I find waiting and softness and quiet countercultural.
We live in a system of hurry, hard, and loud. So very loud. Always there are things calling our names; the music, noise, videos and texts asking for our attention.
But I find when we are with the noise too much, we also become noisy. Our brains struggle with the quiet and we feel the urge to join the crowd. Don't get me wrong, sometimes we need a little jolt, but not always. We can't live or exist in that space permanently. We're not meant to.
This is probably especially true for me.
I experience life as a deep feeler and I know this to be true because I sense it embedded in my DNA. But I also know it based on other information such as traits identified as a Highly Sensitive Personality (HSP) by Dr. Elaine Aron.
Essentially, an HSP can be described this way: a person with an innate set of traits which causes them to be aware of subtleties (including emotions, physical sensations, sound, and lighting) (Aron). Because HSPs tend to take in so much around them, they also experience life in an intense way. For some, it can easily lead to feeling overwhelmed with so much information to constantly process (Aron).
It is also important to note this is NOT a diagnosis, but rather a type of person. Aron notes that nearly 15-20% of the population meet the criteria to identify as an HSP which means it cannot be classified as a diagnosis.
A good portion of my counseling practice consists of HSPs. I find in a culture which often shames big feelings or sensitivities, people who share this makeup benefit from guidance on how to create boundaries, regulate their emotions, and manage reactions. Not because they (or I) are flawed, but because HSPs are often ill equipped to handle high levels of sensory input. Especially due to culturally significant pressure to minimize folks who experience life through this lens.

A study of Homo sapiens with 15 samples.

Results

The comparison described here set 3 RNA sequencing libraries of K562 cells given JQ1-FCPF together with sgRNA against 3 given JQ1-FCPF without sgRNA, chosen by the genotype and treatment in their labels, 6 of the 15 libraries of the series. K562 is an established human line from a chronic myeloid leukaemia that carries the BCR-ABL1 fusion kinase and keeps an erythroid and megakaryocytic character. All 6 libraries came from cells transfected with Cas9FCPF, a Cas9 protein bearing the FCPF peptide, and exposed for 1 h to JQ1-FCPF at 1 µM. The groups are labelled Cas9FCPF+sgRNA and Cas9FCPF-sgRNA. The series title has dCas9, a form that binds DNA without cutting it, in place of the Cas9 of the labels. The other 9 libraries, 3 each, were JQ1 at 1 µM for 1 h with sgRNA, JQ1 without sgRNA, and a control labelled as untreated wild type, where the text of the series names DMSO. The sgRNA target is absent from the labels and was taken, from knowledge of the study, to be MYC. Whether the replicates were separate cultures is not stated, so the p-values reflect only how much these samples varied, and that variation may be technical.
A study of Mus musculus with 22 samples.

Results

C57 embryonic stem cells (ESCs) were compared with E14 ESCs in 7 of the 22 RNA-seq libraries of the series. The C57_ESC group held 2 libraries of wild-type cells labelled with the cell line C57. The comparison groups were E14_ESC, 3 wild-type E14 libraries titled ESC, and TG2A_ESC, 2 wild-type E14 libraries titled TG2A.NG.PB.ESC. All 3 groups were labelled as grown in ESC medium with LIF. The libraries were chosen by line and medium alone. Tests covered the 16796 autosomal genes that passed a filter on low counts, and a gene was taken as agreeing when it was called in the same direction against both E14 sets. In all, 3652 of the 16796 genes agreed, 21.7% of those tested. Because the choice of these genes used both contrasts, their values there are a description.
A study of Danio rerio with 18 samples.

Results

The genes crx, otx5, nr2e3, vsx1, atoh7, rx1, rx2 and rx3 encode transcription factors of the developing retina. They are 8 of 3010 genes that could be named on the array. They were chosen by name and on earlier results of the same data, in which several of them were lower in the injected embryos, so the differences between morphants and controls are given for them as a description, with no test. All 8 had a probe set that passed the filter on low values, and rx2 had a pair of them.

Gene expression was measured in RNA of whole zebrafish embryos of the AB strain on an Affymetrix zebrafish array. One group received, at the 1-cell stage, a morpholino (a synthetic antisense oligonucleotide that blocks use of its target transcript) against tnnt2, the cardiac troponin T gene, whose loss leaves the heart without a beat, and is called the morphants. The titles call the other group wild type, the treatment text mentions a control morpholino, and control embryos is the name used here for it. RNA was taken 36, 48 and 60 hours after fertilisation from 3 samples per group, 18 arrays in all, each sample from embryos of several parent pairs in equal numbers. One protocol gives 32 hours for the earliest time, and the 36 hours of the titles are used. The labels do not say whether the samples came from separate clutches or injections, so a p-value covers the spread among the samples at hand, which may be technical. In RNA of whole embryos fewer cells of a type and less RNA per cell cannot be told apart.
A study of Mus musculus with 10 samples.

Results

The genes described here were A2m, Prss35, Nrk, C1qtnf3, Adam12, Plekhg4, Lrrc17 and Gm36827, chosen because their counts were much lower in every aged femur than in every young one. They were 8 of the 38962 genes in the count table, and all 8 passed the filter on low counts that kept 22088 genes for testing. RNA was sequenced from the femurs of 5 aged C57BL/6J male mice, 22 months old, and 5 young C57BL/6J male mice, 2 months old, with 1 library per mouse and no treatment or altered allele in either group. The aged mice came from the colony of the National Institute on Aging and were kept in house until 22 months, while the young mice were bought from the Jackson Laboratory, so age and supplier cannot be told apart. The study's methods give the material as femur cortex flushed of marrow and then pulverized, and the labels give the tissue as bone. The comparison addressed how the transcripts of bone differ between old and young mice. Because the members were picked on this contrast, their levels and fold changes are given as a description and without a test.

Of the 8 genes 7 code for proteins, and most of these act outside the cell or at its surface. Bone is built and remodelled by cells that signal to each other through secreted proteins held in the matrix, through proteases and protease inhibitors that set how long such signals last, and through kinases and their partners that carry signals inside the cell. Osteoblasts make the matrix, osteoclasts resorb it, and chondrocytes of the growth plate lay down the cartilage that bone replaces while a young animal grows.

Encouragingly, HSPs who are validated and supported to own their make-up can become some of the most resilient people around. This is a huge paradigm shift; one that can be life changing.
One of the most rewarding pieces I experience as a counselor is watching the light go on in someone's head which allows them to validate their experience rather than shame it. When a person understands their experience falls within the range of normal (even while not always celebrated in North American culture) it can have the power to release them from a prison of yuck.
One trend which frequently shows up with almost all clients (and myself, by the way) is the understanding it's okay to need quiet. This is how many HSPs re-charge-- from sensory breaks. Again, we are all on a spectrum in terms of the amount of downtime we require, but the need is there none the less.
And to be clear, I don't mean simply not talking. I mean shutting down the noise. I'm pointing to the absence of sensory stimulation like phones, TVs, computers, music and sometimes even bright lighting or emotional content. All of these can be highly charged areas of stimulation.
And this brings us back to our loud, buoyant culture.
If you find you are frequently overwhelmed or overstimulated may I suggest starting with spending a little bit of your day with intentional quiet? My friends over at the Glorious table wrote a great post on intentional time away from social media in the evenings which you can read here. Another suggestion would be to take Elaine Aron's inventory on HSPs to see if you resonate and continue gathering resources on HSPs, which you can find here.
But really, all of us can benefit from time settling our heart and our soul. We all can grow from allowing ourselves presence and becoming more grounded in our lives. And if you find you're an HSP too, know you're not alone.
"Strong and sensitive are not opposites. Sensitive and insensitive are opposites. Strong and weak are not opposites." - Glennon Melton Doyle
Aron, Elaine. "Is This You?" The Highly Sensitive Person. Studio Press. Web. 24 May. 2016.